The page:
No Joy Are the Opposite

No Joy Are the Opposite
Jasamine White-Gluz isn't really interested in reading a review of her band No Joy's new album, Wait to Pleasure. A former music writer herself (including for Exclaim!), White-Gluz feels her band is often the victim of lazy journalism.

"I do I find it hilarious when people literally just copy and paste information from another blog," she says. "If these folks went to the source instead of another blog they would see how to spell my name or that there aren't two singers in this band. But really, I am just surprised anyone wants to write about our boring band."

She's either humble or just plain wrong because No Joy are hardly boring. In fact, they're pretty ace. Yes, they recall some noise pop and shoegaze bands they're constantly compared to, but the Montreal trio are no tribute act. They like noise, they like layering tracks, but you won't mistake them for any other band.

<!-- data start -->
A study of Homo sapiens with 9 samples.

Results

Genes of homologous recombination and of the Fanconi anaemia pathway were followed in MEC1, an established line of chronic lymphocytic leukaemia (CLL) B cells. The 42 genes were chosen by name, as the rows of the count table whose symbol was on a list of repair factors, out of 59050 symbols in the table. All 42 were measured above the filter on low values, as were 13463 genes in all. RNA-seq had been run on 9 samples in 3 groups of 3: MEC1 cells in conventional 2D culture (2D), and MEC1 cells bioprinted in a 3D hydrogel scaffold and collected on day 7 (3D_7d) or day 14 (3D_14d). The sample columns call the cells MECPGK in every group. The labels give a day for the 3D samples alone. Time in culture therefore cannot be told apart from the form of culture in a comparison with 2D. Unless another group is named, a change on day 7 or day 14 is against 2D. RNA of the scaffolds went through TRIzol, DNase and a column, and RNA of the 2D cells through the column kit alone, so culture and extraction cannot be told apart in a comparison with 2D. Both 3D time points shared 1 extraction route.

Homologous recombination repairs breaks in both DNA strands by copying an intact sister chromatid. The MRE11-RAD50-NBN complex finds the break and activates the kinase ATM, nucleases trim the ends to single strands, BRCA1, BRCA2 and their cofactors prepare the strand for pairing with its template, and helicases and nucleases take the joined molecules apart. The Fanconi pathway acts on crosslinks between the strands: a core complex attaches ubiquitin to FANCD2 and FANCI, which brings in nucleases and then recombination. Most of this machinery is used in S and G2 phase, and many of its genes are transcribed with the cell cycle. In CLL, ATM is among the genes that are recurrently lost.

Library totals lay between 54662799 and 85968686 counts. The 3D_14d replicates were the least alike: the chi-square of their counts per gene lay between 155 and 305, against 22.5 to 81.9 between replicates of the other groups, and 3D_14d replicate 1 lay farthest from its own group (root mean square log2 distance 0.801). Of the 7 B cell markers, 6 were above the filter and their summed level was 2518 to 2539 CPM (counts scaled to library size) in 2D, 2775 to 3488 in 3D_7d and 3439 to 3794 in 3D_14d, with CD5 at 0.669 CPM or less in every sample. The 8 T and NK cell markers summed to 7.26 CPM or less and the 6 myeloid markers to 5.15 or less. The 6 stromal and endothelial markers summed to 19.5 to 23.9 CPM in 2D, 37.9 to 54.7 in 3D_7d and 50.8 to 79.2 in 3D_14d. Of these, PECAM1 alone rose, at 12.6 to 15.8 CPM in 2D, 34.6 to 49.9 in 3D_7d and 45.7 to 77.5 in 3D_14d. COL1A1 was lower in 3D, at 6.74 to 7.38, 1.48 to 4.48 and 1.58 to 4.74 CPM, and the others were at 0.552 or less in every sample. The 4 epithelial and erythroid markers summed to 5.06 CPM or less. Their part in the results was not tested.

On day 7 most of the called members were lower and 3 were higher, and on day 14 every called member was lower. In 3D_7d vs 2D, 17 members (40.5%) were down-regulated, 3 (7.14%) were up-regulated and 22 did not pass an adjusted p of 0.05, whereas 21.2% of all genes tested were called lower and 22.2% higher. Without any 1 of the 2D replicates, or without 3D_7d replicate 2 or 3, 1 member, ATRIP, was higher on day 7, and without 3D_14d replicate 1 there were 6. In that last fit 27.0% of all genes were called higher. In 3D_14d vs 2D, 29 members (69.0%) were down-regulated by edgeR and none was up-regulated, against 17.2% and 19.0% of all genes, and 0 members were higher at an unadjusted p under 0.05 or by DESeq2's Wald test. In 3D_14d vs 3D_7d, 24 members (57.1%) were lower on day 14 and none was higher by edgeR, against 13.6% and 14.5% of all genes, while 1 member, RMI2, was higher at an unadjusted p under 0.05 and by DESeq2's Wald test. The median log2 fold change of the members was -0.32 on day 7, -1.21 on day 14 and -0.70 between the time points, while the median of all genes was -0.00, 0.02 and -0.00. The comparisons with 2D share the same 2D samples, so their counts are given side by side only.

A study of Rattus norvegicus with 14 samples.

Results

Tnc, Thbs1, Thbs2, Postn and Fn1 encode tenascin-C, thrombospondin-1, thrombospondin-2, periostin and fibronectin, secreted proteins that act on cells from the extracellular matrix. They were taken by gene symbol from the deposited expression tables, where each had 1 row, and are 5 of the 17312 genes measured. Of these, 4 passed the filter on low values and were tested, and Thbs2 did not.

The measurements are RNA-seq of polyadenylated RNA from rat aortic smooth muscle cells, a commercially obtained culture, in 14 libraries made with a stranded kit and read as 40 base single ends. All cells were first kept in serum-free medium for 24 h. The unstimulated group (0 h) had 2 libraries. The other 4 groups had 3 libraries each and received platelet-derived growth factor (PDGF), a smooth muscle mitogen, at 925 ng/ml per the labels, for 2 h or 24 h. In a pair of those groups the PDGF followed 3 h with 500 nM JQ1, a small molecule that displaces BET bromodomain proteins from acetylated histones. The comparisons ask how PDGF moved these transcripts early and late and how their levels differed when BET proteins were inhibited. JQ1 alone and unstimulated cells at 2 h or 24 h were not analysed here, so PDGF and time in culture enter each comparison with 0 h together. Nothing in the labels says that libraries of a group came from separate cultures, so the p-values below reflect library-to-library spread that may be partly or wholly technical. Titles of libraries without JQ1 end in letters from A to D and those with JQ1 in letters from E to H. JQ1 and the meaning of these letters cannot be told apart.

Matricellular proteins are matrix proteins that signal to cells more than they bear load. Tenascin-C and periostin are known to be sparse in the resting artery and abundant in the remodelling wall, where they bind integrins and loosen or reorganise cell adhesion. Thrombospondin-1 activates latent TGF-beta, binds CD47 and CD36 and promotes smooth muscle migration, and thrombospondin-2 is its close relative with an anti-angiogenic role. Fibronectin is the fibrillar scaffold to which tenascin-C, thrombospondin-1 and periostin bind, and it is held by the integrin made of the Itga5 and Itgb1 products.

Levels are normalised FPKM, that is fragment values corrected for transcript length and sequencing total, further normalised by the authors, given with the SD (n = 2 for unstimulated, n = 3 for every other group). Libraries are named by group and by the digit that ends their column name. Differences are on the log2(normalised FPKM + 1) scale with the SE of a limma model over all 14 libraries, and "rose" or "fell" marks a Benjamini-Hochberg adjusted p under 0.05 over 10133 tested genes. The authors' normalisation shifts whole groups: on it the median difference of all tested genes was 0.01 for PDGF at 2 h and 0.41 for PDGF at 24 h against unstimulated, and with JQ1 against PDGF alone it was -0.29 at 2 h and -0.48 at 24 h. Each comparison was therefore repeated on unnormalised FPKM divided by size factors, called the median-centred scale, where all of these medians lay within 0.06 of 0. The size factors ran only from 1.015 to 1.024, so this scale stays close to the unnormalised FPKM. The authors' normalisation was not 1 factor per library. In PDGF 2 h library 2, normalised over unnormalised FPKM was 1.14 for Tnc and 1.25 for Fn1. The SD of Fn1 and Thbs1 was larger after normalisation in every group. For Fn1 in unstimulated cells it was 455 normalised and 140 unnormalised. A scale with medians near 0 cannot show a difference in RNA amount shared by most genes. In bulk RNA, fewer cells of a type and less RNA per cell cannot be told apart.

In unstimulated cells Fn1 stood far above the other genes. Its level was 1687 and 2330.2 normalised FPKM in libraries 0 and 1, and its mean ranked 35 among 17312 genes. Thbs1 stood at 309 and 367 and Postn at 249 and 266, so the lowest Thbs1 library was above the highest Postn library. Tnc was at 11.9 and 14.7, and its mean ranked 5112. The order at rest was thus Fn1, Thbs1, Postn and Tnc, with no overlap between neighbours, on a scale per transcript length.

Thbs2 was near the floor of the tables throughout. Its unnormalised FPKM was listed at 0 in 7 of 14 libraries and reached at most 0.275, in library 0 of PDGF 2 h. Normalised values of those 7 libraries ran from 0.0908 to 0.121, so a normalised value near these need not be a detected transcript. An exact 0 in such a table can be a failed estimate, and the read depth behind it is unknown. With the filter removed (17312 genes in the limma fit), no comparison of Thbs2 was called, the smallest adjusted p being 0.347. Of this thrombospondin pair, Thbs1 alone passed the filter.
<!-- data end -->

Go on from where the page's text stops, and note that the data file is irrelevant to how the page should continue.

Wait to Pleasure has grown leaps and bounds from their debut, Ghost Blonde, and even last year's Negaverse EP. Look no further than the ethereal "Lunar Phobia" to hear the remarkable difference. "This was probably the most excessive song we have," says White-Gluz. "Bongos? Sure! Wood block? Yes! There's still a lot of feedback and noise, but we tried to use it differently."

Like kids in a candy shop, White-Gluz, Laura Lloyd and Garland Hastings entered a proper studio with producer Jorge Elbrecht and no shortage of gear to throw at the wall. "It was really the best creative experience I've ever had. Working with a producer and a team was the greatest perk. We always recorded our stuff ourselves so I've never had anyone get me drunk and force me to sing one line of a song over and over and over until it was pitch perfect."